Updated: 02/19/2014 6:32 PM
Created: 02/19/2014 4:41 AM WHEC.com
By: Brett Davidsen
Opponents of a casino in Henrietta are taking aim at a local developer. They claim David Flaum is illegally lobbying government officials on behalf of the Seneca nation of Indians.
The issue is likely to come up at the Henrietta Town Board meeting tonight as a group called "No More Casinos Coalition" goes on the offensive trying to stop the Senecas from expanding into Monroe County. The Seneca Nation has told town officials they have identified land for a casino in the commercial district of Henrietta between Jefferson Road, West Henrietta Road and 390.
The group "no more casinos coalition" plans to present a petition with more than 1,400 signatures. That group is being financed, in part, by the Western Regional OTB, which admits it stands to lose lots of money at its race-track gaming location in Batavia if a casino gets built by the Seneca Nation of Indians.
OTB's vice president said they don't hide from that fact and have coalesced around a group of residents and merchants with a common interest.
Michael Nolan, OTB, said, "Our concern is a Native American casino. They pay a tax rate of 25%. We pay a tax rate of 60%. We cannot offer to our customers what they do. Just like the mom and pop restaurants in Henrietta or Monroe County won't be able to offer what the casino does because they're a sovereign nation.”
In an effort to put the brakes on a casino proposal that appears to be gaining momentum here, Western Regional OTB has filed this formal complaint with the state ethics board against local developer David Flaum. Flaum is working with the Seneca Nation to help them secure a site and develop the land.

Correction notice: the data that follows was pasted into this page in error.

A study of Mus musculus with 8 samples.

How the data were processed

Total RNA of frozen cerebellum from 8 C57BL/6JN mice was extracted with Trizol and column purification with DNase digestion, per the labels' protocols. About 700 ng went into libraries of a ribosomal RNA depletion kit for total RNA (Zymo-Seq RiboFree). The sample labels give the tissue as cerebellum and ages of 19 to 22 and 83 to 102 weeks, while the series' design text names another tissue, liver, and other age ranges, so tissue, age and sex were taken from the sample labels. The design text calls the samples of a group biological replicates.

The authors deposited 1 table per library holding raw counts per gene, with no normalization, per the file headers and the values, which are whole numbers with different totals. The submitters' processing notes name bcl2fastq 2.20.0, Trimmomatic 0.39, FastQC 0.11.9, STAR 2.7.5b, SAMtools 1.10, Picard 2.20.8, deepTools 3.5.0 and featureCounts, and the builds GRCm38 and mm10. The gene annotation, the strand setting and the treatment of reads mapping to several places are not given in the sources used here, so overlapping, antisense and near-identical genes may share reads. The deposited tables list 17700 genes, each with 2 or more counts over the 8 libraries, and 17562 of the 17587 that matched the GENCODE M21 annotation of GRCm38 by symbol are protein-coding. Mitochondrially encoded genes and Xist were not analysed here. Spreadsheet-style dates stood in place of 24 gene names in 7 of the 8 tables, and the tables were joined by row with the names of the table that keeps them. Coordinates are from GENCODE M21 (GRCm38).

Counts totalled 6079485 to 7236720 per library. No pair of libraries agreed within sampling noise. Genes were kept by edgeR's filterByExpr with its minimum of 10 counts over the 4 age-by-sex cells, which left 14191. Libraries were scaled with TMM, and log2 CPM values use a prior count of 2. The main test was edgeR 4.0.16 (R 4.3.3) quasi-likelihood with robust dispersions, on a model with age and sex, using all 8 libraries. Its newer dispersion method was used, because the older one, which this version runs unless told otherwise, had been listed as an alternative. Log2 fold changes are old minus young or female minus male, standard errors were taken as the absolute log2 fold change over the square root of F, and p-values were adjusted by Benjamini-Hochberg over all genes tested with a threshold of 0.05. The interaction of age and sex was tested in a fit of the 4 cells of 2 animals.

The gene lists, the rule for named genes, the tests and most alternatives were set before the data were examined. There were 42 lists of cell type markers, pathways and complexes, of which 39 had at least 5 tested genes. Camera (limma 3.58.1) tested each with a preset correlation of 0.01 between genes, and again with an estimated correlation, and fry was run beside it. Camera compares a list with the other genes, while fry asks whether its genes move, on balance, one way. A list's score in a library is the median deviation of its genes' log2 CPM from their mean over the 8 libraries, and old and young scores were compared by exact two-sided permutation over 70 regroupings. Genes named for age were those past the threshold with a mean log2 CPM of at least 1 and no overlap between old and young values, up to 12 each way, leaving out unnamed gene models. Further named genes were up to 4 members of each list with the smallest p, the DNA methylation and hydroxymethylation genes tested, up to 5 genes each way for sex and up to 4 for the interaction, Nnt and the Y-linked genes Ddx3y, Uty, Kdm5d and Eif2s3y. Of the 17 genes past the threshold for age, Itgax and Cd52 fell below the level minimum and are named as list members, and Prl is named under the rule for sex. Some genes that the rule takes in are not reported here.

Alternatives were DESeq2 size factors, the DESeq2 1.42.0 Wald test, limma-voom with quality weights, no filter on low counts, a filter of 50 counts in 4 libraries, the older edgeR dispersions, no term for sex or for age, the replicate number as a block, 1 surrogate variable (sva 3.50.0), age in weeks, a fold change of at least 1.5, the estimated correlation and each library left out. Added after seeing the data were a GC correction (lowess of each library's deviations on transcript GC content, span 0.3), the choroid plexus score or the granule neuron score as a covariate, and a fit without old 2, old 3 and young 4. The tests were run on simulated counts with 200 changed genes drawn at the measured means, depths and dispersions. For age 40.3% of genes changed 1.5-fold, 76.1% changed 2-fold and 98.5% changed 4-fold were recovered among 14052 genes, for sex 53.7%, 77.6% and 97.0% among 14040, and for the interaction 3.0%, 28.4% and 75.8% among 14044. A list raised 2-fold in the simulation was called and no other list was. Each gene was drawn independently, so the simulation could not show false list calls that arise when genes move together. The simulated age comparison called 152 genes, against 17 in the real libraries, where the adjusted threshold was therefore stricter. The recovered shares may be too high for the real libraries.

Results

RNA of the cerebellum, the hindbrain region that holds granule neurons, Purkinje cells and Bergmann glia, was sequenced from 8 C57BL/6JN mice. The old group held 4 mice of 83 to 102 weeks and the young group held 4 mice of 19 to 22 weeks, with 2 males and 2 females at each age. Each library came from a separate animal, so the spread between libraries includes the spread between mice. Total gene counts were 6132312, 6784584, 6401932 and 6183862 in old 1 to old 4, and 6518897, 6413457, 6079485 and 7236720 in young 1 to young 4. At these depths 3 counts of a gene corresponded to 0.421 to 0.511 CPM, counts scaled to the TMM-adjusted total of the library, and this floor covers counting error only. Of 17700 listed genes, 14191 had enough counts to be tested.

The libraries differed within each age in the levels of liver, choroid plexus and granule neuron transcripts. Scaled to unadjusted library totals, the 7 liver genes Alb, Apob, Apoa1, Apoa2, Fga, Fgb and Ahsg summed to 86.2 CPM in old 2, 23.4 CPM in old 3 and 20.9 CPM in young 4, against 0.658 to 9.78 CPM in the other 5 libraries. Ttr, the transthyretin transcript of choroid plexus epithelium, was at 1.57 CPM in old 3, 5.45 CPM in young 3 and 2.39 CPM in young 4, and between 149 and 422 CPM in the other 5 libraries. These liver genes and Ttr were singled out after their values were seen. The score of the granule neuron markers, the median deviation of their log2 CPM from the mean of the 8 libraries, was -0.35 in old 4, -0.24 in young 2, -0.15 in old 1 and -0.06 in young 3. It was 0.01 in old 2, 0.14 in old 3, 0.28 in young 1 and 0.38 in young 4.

The complaint, though, accuses Flaum of illegally acting as a lobbyist to influence government officials. They say Flaum is not registered with the state to act as a lobbyist. OTB officials say an unsigned copy of an agreement between the Senecas and Flaum.
It says Flaum is being hired for "liaison services" and he "may be required to represent the Seneca Nation's interests before municipal, county, state and any other government bodies." The agreement also spells out a "success fee" of $2.5 million if Flaum can make the casino a reality.
Nolan said, "As long as he is promoting the casino gaming to public officials in western New York, working and being paid by the Native Americans, then he needs to be a registered lobbyist so the taxpayers know how much money is being spent by special interests to locate a casino here in Monroe County.”
News10NBC has tried repeatedly to reach Flaum for comment but he has not returned our calls or emails. The Seneca Nation, which is also named in the complaint, declined comment Wednesday. According to the state lobbying act, violators can be held criminally or financially liable. There’s no word on when or if the ethics board will take up the claim.
We'll be at the town board meeting, which starts at 7:00p.m. and have reaction to all these new developments surrounding the potential casino coming up at 11.